Campus Elections: Candidates’ Real Motive


Hang on for a minute...we're trying to find some more stories you might like.


Email This Story






Laci Ollison & Isaiah MagettWord Editor & Contributor:

Guys are passing out flowers. Girls that would once give me dirty looks now run cheerfully up to me and shove candy in my face. People that wouldn’t even glance in my direction are now taking time out of their day to have a one-sided conversation with me in which they tell their whole life’s sob story in two minutes.

No, I haven’t gained any type of status or popularity. I’m still the same bald girl who likes to give people encouraging words and then go rant about something. And no, it’s not the lovely warm weather that is making people acknowledge me. It’s election season.

I commend the candidates who have a purpose and definitive reason as to why they are running. Those are the ones who have carefully thought out plans and formed ideas on how to better our campus and student body.

Unfortunately, those candidates, unless running unopposed, will not get elected.

Sad to say, but elections are still a popularity contest. We no longer vote for who has the best platform or whose vision lines up with that of the university. We vote for the candidate whose name we saw the most or who gave us chocolate or roses.

We are so contradictory. We want police officers that will uphold the law and not abuse their power, and governmental officials that will represent us well, use our tax money correctly, and create laws that work well for everyone. Yet, when it comes to our campus where we spend ten months of our lives, we want to put people in office who are “cool.”

Student elected positions are more powerful than we realize. However, since we don’t elect students who know how to maximize the potential of their office, we never see the full effect of what could be a great change.

______

Since the creation of the Student Government Association on our campus there has been a feeling of connectedness between the university and local government. However, overtime that sense of collaboration has slowly faded.

Rarely do we hear about cooperative work between students and community organizations.  One could assume that this is a result of the generational gap between the administration and students, or the technological divide between campus and the greater Greensboro community. I believe it is a combination of the two.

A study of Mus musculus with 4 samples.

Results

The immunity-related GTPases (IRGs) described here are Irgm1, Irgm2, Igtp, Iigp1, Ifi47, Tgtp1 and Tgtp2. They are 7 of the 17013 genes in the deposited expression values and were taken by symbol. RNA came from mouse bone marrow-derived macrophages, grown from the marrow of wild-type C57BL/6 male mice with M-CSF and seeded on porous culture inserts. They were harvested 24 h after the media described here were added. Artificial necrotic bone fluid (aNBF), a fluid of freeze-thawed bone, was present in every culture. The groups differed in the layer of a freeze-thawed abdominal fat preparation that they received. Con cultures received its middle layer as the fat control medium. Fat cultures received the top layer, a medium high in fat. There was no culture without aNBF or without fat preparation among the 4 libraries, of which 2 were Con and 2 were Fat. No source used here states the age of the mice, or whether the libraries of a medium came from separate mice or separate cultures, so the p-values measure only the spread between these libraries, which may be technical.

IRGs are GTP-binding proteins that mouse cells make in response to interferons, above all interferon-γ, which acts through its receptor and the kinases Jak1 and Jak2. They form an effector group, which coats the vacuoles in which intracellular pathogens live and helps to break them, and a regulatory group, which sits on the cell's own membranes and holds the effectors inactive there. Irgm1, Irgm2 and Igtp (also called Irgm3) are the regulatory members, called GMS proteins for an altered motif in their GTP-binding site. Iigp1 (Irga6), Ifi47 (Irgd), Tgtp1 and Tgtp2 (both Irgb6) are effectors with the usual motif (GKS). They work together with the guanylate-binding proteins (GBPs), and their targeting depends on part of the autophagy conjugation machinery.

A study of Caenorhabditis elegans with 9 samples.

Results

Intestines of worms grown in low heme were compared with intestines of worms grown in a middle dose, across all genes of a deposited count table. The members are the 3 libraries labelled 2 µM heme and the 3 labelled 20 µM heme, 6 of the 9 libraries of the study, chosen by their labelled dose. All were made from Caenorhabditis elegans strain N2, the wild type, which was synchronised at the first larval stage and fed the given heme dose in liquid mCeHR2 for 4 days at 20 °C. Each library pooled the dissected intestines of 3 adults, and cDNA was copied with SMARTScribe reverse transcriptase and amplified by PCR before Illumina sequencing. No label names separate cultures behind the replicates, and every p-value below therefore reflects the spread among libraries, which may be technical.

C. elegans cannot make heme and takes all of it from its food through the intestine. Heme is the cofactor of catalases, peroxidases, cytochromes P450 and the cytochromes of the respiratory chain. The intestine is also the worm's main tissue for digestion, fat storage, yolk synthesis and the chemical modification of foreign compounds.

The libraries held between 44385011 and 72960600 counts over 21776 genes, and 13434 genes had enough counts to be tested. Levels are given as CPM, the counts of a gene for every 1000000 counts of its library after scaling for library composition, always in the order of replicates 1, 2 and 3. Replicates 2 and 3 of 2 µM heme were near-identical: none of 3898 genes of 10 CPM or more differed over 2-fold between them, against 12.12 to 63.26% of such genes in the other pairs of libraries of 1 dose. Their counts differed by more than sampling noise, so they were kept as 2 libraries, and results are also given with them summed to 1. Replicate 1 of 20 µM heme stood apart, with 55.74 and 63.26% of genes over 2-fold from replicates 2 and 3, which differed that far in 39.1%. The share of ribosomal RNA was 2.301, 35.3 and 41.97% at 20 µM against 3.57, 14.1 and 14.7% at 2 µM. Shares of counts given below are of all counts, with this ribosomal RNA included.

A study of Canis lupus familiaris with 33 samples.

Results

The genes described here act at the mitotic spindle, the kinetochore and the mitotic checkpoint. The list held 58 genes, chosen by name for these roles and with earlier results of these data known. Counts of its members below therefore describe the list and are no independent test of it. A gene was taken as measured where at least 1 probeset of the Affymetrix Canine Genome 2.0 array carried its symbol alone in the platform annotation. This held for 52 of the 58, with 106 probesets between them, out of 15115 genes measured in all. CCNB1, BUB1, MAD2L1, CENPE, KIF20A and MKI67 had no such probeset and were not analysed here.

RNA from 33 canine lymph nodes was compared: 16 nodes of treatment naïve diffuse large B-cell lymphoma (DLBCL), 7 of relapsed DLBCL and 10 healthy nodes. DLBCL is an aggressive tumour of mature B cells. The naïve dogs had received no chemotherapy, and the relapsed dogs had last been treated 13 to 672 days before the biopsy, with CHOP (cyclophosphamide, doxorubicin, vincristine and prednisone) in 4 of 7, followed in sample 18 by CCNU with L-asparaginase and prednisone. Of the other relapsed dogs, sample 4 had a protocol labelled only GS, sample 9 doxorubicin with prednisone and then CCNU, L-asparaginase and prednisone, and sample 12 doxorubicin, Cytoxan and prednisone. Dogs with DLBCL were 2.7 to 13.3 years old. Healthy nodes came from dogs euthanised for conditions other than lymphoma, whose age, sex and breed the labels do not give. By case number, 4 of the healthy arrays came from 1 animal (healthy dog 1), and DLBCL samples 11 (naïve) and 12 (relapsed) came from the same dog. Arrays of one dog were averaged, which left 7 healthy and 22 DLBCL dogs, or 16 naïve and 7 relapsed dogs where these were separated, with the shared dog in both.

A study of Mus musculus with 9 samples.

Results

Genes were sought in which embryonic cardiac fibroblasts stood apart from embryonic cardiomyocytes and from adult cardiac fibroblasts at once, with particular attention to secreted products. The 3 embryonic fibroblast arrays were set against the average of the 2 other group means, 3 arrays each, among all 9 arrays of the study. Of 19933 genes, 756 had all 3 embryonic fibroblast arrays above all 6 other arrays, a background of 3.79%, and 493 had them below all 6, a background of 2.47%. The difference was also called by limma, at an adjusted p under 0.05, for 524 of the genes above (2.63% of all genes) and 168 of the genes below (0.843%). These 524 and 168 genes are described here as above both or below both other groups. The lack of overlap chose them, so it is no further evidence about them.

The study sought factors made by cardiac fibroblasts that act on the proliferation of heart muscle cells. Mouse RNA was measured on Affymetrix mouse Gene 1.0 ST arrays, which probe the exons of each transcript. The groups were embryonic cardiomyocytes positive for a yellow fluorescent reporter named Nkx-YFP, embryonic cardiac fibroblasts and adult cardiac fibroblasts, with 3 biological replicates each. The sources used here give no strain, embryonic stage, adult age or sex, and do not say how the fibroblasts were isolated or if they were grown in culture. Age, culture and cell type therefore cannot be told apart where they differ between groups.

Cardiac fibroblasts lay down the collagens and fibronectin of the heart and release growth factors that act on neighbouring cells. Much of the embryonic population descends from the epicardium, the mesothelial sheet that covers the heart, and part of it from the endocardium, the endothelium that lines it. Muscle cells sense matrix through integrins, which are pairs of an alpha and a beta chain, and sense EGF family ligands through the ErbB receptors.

Students want to create a more holistic relationship with the community, however older generations are no longer willing to discuss the morals which have been passed down to them.  I can imagine this lack of communication is further fostered by the constant distraction from reality that technology provides.

There is no question that there is a schism between campus government and state policy.  When the N.C. Board of Governors met to discuss closing down HBCUs in February 2015, I only remember seeing three Aggies in the building.  When Representative Trudy Wade introduced Bill 36 to Senate, I doubt few current Aggies were present in the meeting.

It is evident that most student government candidates don’t know the first thing about local policy, but it’s not their fault. Administration nurtures us to a vegetative state.

As I watched the candidate rally and listened to their speeches, I wondered which student would be brave enough to ask about clean water- an essential resource taken for granted on this campus. Currently, most students are not aware of the maintenance and fees implemented to provide such a luxury.  It is not the lack of political consciousness, but the lack of knowledge and use of our most basic amenities that saddens me.

I’m not really quite sure how to judge this year’s election.  From what I have seen, the six Mister and Miss N.C. A&T candidates, and the sole Student Government Association President candidate show where our values lie as an institution.  The fact that SGA is supported by tuition dollars, yet our collective focus as students is still closer aligned to glamor than to substance, proves to be an issue not only for current Aggies but for future Aggies as well.

I love my institution and I would hate to see it fail. However, it is my duty to be honest with the readers.  I just do not understand why the student body does not demand more of our collegiate officials.

If civilization was to collapse, leaving us to rebuild it under the leadership of the 2015 N.C.A&T SGA candidates, I think it would be safe to say that we would be glamourous, waterless, and completely unaware of local government.